Great Music Comes Alive With the Living Things

State Hornet
Sacramento State University

Maybe it’s just me, but rock ‘n’ roll isn’t just about the sex and drugs anymore.

Take the Living Things for instance. Put together smooth sounding vocals, ripping guitar chords and an edgy attitude and you’ve got the recipe for a sound that’ll blow the mind of even the “punkiest” of rockers.

Not to mention that three of the four band members are brothers, the group doesn’t necessarily add any new elements to the annals of rock, but certainly does present some of the classics in its own, unique way.

Those classics can be heard on the St. Louis quartet’s debut album, “Ahead of the Lions,” which has been leaving a wake of impressed critics and rave reviews. The politically charged LP has a rich mix of sound and emotions and leaves no stone unturned as front man Lillian Berlin’s lyrical tirade assaults virtually everything but your grandmother.

“Ahead of the Lions,” opens with the aggressive but brief banging of “Bombs Below.” The political face of the “Living Things” shines through immediately as Berlin snarls and growls, “Bring the war/that’s what the kids are for.” The quick and repetitive Ramones-like beat stretches itself through the chorus while the catchy anti-war anthem aims itself directly at its target audience. So impressive is the raw and real sound of the mere first three minutes of this album that even if you’re a fan of W., “No solution/Just bombs below” will be stuck in your head the rest of the day.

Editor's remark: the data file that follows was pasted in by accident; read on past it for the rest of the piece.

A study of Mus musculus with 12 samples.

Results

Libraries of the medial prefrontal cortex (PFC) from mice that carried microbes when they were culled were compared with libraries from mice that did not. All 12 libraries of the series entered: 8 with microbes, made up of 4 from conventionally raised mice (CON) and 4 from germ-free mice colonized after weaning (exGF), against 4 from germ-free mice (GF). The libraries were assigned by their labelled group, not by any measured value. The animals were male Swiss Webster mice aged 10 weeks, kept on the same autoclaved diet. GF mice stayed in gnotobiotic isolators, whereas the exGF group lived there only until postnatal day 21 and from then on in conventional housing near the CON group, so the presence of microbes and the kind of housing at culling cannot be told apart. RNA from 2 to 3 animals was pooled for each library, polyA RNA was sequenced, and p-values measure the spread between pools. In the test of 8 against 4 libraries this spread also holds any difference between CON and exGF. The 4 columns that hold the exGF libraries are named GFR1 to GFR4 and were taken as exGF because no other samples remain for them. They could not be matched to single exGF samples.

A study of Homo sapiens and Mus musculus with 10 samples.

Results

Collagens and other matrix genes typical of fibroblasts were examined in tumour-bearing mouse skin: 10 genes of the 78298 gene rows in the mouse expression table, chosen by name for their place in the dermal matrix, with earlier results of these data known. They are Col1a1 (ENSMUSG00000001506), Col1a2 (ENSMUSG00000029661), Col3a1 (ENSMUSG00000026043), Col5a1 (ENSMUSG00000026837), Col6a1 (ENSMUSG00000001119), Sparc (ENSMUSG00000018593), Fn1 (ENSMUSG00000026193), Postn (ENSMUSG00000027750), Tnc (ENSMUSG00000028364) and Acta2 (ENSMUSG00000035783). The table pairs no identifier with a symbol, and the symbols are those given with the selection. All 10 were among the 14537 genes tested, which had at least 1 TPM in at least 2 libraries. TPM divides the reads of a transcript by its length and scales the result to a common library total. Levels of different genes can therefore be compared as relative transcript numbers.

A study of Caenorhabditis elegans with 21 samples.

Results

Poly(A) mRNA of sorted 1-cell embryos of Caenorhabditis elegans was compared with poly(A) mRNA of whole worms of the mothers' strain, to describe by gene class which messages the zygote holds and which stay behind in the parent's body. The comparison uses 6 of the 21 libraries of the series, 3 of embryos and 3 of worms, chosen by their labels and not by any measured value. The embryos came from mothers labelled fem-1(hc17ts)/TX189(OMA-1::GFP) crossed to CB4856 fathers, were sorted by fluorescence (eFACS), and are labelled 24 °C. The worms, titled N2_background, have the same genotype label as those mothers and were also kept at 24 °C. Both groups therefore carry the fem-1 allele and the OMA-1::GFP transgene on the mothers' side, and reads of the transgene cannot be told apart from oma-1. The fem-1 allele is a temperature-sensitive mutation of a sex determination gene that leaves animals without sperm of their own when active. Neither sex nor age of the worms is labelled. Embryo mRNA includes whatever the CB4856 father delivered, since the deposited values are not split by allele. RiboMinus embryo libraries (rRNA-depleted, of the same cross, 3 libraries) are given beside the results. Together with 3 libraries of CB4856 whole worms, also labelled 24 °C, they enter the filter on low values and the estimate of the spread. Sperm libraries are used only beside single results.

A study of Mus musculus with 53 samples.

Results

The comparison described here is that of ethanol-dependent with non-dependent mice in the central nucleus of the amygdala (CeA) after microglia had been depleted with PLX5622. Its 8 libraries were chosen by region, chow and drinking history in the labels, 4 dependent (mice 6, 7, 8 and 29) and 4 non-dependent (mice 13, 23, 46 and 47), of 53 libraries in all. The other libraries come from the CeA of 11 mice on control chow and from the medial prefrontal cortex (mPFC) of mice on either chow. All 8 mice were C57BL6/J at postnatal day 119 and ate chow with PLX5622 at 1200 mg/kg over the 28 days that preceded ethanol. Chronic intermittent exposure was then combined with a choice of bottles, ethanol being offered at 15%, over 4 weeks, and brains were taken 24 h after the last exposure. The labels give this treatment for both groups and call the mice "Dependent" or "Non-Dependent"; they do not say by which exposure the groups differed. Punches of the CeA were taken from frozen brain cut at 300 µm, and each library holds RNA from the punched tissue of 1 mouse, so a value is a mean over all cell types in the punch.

The album plateaus until track seven introduces a dynamic twist to the already fresh sound. “No New Jesus,” throws a wrench into the established garage sound and draws a delicious comparison to Marilyn Manson’s “Mechanical Animals.” With lyrics about the hypocrisies of fashionable religion and its pervading loss of meaning, the song belts out a maverick message: “Wake up and cuff your hands/Wake up, your future has been planned.” Being a rebel hasn’t been this cool since “The Wall.”

If by the tenth track on the album you’re still not convinced as to the creative genius behind it, “Monsters of Man,” will make you a believer. The punk rock rhythm and echoing chorus is toe-tappingly catchy, but the real surprise on the track is the brass ensemble that dominates the chorus. The ska genre may have died years ago, but the clever introduction of a deep saxophone snare is enough to wistfully reminisce about where it all went wrong.

It’s not just the lyrics, the Marc Bolan-sounding vocals of Berlin, or the slightly unrefined approach that makes “Ahead of the Lions” a great album. Although a little too over the top at times, the record has an actual message, rather than senseless verbal diarrhea that is so commonly found on contemporary rock albums.